I am bored with Breast Cancer Awareness Month.
I was minding my own business browsing Facebook — and it wasn’t even October yet — when up popped an ad for a black cotton unisex t-shirt reading “Save the Pumpkins” below two orange squashes (and a small pink ribbon) placed where breasts would be. Some creative genius thought to combine Halloween and Breast Cancer Awareness Month and sell this piece of junk on-line for $17.
I can understand that anyone in America may want to make a buck selling something crass. Breast Cancer Awareness month seems to bring out the least common denominator when it comes to trivializing a serious public health dilemma with slogans like “save the ta-tas” and “save second base.” Do they even talk like that in junior high school these days?
I was going to write a piece pondering why money-makers seem to love breast cancer more than just about any other cause, and I had some obvious ideas. Anything related to breasts makes good ad copy. They’re fun, even funny. They’re on the outside, as opposed to lungs and ovaries and pancreases, which are also attacked by cancers that kill many thousands of people each year. But it’s not nice to think of those icky, squishy internal organs, so they don’t get a big “awareness” month or a lot of charitable attention.
Then I was going to write about how breast cancer “awareness” is popular because it has something to do with worthy victims. Breasts are worthy. They need to be “saved.” Even though cancer is really a cellular disease that may start in breast ducts and lobes before it heads for lymph nodes and other organs.
Women are worthy victims, too, especially white women, and especially youngish women whose breasts look worthy of saving. I don’t study the media on this intensively but I’ve seen a lot of pictures of white women in front of mammography machines with the false message that getting a mammogram is the solution. (Don’t get me wrong: I do believe mammograms are important.)
Women-as-victims has been a common theme in our culture. Whipped up concern about protecting the virtue and safety of women has been used to justify various wars, for example.
With breast cancer, now, it’s more complicated because, post-feminism, women are supposed to be warriors and survivors and not just damsels in distress. But themes around saving boobies or ta-tas, or “pumpkins” are stand-ins for saving worthy victims.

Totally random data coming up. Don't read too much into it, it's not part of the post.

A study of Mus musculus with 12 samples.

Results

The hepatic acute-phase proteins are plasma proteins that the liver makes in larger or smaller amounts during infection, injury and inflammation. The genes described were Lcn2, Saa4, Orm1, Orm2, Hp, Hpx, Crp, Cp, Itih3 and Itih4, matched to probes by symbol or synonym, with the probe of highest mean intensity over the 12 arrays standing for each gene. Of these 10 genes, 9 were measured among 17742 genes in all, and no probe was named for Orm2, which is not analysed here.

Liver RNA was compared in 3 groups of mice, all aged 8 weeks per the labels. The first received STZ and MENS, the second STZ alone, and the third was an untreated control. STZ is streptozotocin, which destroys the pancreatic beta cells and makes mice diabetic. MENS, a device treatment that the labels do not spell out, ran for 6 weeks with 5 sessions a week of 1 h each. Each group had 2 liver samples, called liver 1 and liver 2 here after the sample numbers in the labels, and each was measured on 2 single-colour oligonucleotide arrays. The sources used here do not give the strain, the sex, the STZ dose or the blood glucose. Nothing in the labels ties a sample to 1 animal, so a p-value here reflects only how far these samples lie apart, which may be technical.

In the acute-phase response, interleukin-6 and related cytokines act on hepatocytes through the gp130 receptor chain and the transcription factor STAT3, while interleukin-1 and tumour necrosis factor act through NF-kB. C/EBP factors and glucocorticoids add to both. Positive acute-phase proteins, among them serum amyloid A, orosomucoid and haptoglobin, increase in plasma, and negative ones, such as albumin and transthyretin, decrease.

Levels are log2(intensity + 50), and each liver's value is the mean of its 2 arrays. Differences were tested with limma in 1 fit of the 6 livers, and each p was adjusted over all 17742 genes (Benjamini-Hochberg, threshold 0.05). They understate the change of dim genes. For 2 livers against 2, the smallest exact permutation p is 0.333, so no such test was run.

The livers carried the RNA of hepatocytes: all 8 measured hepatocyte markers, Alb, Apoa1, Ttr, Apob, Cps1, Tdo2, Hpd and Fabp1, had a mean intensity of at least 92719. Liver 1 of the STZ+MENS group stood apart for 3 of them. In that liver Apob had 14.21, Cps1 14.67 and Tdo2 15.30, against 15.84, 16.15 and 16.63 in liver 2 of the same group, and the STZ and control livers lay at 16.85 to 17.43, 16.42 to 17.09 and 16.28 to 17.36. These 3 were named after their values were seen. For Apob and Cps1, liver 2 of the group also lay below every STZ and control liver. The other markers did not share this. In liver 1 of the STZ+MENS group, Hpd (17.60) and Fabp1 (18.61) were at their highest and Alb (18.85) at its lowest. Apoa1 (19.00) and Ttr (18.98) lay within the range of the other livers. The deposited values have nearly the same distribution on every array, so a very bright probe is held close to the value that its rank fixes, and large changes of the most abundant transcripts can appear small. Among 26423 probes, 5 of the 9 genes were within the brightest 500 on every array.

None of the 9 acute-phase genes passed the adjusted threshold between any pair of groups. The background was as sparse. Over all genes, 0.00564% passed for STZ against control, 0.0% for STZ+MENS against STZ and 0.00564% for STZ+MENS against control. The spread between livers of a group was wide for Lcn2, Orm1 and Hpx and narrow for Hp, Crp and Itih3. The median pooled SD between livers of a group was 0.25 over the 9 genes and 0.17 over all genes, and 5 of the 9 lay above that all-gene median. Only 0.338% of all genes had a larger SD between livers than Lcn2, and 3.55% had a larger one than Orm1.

We don’t see national ad campaigns around a host of other social health problems. There’s something about breasts, especially Caucasian perky ones, that seems to garner public sympathy like almost no other cause.
I was going to think about why this is so.
And then I stopped and realized that I really don’t want to devote much of my mental energy to figuring out why someone would sloganeer about saving pumpkins. It’s crazy nonsense! Do I need to give myself a headache analyzing it?
This month, and every month, there is so much good material being published in the blogosphere about breast cancer and especially about stage 4 metastatic breast cancer which women (and men) die from.
Journeying Beyond Breast Cancer is a web site and a blog on which Anne Marie Ennnis-O’Connor gathers together the writing, sharing and activism going on around breast cancer, including metastatic breast cancer. Breast Cancer Action, with its web site and blog, is chronicling this year’s corporate exploitation of the pink cause, focusing, for example, on how the National Football League pink washes over its members’ misogyny and violence.
I am starting to conclude that all the pink fuss with breast cancer awareness month is like some kind of gigantic collective denial system. Everyone’s “aware” of cancer by now, and everyone seems to be aware of breasts. Pink celebrations and pink consumer junk draw attention from the fact that breast cancer is not something one just “gets over,” like a bad case of the flu or a hip replacement. There’s no cure. Many “early detection” cancers come back deadly, sooner or later. And breast cancer is hardly the only cancer linked to our continuing to poison our own environment.
All that really matters to me on these subjects are what to do to prevent cancer, what to do to keep it from coming back, and what to do to treat it and stop it from killing people. That’s what I want to stay aware of.